A real vegetarian is one who only eats fruit, vegetables, pulses or seeds, and not meat or fish. Sometimes, this diet is in place out of ethical (animal free), ecological (natural produce), health reasons or just a lifetime commitment. It’s important to know what vitamins and minerals are needed from the foods eaten because vegetarians will not benefit from the same ones in meat or fish. There are vegetarian diet plans available to source which product contains which vitamins and minerals, plus a diet plan is a great way to identify and source tasty vegetarian recipes to cook. A lot of strict ethical vegetarians not only used animal free food products, but those relating to clothing, footwear, accessories and homeware.
The danger being vegetarian is replacing a lot of meat with soy products because it’s been proven that a lot of those products are formed using genetically modified soy so may not be as nutritious, plus there are health concerns about genetically modified products. When shopping for food, it’s important to read food labels to make sure the products or vegetarian or vegan friendly. Often some food products have traces of animal sources in gelatine, isinglass, emulsifiers, animal derived rennet (in cheese), bonemeal, carmine, beef dripping or animal fat, lard, lanolin, fish oil or anchovies.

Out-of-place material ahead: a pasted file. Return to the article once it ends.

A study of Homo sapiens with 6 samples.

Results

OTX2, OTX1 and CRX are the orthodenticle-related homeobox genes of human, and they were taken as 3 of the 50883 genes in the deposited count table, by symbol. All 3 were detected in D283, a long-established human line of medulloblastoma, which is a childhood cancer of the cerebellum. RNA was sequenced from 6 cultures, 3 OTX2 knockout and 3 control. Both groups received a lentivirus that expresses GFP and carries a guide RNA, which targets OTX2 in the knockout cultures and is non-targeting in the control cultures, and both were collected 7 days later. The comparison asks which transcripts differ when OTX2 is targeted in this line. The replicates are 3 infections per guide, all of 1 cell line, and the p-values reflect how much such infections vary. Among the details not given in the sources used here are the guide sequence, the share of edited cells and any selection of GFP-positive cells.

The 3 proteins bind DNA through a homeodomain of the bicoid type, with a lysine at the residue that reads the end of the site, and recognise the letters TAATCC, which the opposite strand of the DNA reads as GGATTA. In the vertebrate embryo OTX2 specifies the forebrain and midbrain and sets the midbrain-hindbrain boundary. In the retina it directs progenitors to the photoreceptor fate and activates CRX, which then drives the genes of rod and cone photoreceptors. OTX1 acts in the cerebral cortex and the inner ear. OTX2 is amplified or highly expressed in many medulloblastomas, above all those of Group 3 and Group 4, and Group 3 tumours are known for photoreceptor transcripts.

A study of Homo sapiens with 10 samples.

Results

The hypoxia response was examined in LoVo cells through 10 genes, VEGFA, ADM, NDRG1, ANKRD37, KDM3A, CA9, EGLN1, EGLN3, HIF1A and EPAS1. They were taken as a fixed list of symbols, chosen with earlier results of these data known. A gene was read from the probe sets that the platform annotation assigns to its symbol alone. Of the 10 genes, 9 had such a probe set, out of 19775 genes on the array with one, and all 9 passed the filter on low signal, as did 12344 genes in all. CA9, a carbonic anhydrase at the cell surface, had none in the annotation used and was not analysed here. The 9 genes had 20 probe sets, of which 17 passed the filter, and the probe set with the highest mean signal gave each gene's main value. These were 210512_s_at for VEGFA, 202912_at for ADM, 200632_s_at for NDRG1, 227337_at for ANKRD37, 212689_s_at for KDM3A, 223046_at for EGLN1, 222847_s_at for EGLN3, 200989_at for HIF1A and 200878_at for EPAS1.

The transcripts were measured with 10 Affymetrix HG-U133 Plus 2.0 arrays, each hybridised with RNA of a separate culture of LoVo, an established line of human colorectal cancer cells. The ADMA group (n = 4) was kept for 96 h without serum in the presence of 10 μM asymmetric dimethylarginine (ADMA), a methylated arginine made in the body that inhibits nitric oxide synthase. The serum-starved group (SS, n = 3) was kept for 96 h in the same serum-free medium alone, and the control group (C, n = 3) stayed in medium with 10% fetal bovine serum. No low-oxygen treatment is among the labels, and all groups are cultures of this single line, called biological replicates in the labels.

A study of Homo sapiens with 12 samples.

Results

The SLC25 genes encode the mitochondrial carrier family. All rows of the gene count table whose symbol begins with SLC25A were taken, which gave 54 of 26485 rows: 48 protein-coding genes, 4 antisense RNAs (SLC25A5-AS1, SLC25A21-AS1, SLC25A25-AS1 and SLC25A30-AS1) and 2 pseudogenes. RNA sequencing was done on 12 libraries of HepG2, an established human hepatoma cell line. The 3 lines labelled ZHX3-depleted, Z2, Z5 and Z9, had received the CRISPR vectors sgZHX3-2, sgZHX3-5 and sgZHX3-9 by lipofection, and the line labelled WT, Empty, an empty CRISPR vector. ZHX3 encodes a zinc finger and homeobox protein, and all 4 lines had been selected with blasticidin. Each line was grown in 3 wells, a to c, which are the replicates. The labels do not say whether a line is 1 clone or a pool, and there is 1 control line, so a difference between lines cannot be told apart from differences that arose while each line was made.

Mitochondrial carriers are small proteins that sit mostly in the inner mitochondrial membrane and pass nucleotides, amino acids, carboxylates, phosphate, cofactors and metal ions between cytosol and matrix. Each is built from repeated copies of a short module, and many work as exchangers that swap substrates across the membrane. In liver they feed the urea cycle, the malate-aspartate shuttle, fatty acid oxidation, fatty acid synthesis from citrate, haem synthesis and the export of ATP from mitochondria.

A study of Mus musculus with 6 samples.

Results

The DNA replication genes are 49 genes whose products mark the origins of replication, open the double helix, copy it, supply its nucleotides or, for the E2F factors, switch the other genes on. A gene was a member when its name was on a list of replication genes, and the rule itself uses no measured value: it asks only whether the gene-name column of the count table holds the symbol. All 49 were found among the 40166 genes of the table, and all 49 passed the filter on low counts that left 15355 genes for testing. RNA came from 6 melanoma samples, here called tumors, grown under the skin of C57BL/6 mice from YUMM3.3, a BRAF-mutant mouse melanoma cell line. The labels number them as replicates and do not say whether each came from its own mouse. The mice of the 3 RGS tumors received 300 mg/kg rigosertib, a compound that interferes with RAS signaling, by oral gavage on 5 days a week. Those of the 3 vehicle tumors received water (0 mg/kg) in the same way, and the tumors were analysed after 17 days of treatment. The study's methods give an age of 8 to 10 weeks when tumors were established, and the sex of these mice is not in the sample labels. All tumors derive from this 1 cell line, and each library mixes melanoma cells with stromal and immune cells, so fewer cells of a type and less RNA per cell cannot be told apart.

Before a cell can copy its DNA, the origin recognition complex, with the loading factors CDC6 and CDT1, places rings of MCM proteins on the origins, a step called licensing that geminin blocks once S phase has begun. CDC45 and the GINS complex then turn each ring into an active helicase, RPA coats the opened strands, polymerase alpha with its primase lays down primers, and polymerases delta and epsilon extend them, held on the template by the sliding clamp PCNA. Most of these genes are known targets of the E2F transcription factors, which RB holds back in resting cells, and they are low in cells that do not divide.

When adopting a vegetarian diet, it’s better to make a transition from meat to non- meat, as the change can have an adverse effect to the immune system because the change in habits need to be adopted by the body.
A vegetarian diet does not mean a totally illness free life, but when done properly it does mean that conscious choices are made to sustain own body and lifestyle. It is believed by some that a vegetarian diet reduces the risk of cancer, obesity, type 2 diabetes or heart disease, but there is not much evidence to prove this.